26 September 2023

Exorcise ghosting with a culture of inclusion


How many times have you been to meetings that other people have called — and they don’t show up?

Or individuals commit to projects, partnering or funding and don’t follow through?

Even in recruiting scenarios, candidates and recruiters will sometimes disappear altogether, leaving the other side confused and upset.

I’m seeing this trend — disappearing altogether, or ‘ghosting’ as it’s called primarily in the dating world, without notice, apologies, or excuses.

If we are striving to practice inclusion in our organisations and committing to be a more inclusive leader, how do we reconcile this with ghosting each other?

I checked in with a few others about their experiences with being ghosted and several people said it happens all the time.

One person suggested it was because of social media: “People are used to ignoring each other and being ignored [or not ‘liked’], we’re immune to it now,” he said.

Someone else blamed it on Millennials: “They don’t know how to be professional and follow through.”

These responses are gravely concerning.

First of all, I don’t like blaming a group of people for a single behaviour (and my experience of ghosting isn’t just Millennials).

Second, I believe the world is too small to treat each other disrespectfully.

It’s not nice, nor is it good for our relationships with each other, our teams or organisations.

While some may not care about being ghosted, many do see it as a sign of bad behaviour.

When you don’t hear from someone it’s easy to make up all kinds of negative stories in your head — mostly around feeling dissed or excluded… the opposite of feeling included.

People are working long hours, around the clock, often in fast-paced environments, and some with limited resources.

They are using all kinds of technology channels like email, text or Asana and Slack to communicate and get deliverables done.

Everyone is busy with work and life.

Yet are we really busier than we were before?

Most people I know take some time off, they have time to watch the latest series out on Prime or Netflix.

They date, they make personal phone calls to family members and friends, and get to their doctor when they need to.

From what I see, everyone is app-ing, texting and emailing, even in their cars.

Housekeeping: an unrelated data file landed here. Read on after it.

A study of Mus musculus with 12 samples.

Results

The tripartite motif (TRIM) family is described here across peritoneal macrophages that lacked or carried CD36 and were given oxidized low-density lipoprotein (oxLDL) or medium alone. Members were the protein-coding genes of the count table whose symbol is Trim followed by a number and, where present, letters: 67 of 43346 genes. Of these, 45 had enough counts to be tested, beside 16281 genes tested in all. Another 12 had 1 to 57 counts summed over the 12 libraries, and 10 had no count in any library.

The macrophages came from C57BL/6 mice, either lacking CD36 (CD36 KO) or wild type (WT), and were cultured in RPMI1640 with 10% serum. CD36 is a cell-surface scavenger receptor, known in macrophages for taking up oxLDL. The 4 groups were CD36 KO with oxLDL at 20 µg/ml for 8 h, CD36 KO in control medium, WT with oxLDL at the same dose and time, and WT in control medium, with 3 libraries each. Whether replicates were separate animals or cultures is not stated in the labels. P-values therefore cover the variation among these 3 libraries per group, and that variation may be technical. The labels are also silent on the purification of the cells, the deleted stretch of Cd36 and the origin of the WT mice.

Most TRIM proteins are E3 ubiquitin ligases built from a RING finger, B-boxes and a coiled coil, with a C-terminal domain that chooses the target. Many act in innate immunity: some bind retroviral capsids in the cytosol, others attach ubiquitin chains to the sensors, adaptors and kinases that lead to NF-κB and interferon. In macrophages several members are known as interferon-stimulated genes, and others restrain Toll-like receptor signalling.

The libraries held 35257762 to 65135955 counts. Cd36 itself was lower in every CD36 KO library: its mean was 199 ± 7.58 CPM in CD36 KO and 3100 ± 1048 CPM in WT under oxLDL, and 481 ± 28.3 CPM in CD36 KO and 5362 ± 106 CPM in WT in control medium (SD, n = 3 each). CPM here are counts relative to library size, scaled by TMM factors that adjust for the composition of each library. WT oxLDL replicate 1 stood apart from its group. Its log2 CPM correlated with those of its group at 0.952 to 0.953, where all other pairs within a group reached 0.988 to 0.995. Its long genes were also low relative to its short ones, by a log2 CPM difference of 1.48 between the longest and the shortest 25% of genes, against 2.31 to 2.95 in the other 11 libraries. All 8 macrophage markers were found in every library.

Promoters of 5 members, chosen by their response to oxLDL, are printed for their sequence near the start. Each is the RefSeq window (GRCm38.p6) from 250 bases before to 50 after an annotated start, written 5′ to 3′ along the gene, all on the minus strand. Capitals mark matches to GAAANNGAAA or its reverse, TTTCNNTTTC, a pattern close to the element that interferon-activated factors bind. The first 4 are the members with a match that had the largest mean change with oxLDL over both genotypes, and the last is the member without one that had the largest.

There does seem to be time to communicate with others.

Perhaps we are over-stimulated and inundated by so many things that we can’t possibly remember to do what we said we were going to do.

Or we can’t keep track of all the people or things we were supposed to respond to?

Maybe it’s because of technology’s ability to broaden our scope and reach.

It could also be that we are so used to being connected online that we underestimate each other’s feelings, how things come across, what people think about us.

It’s easier to disappear when we’re not voice-to-voice or face-to-face.

Messaging drops off, someone is active on social media and then not, snapchat shares an immediate moment and then it’s gone.

I wonder too (and truly hope not) whether ghosting is part of a pervasive change in culture.

Maybe it’s not just a few bad apples in our society; maybe it’s that we, as a society, truly don’t care anymore how our behaviour impacts others?

Maybe ghosting is just part of an overall culture trend?

Perhaps I’m being over-sensitive and what I’m deeming as ‘ghosting’ is actually the new norm.

Does it really matter if a few people fall out of one’s life? If we have five commitments and three disappear, we still have two.

Isn’t that good enough?

There are people I know who regularly ghost others digitally and then when they see that person face-to-face it’s like they’re greeting an old friend.

They are kind, genuine and full of promise.

Maybe ghosting just isn’t that big a deal?

Some of the most powerful diversity and inclusion programs address the concept of ‘micro-aggressions’.

That is, saying or doing something that often unintentionally slights someone else.

It could be talking only to specific people in a meeting, or interrupting someone while they are speaking.

These small actions can have a larger effect on workplace atmosphere and employee engagement.

If inclusion is about acknowledging, staying connected to, and ensuring others understand your motives, then ghosting is the opposite of that.

Ghosting erodes inclusion.

You can be the kindest person in the world but if you ghost someone, they may assume it’s an attack, or at the very least, a sign you don’t think very highly of them as another human being.

Sadly, we all know too well the extreme measures people take when they feel powerless, ignored and treated unfairly.

Imagine what we could achieve in our life and work if we eradicated ghosting, micro-aggressions, even violence, and truly adopted an intentional practice of inclusion.

*Melissa Lamson is a leadership expert and President and Chief Executive of Lamson Consulting. She can be contacted at @melissa_lamson1.

This article first appeared on the Lamson Consulting website.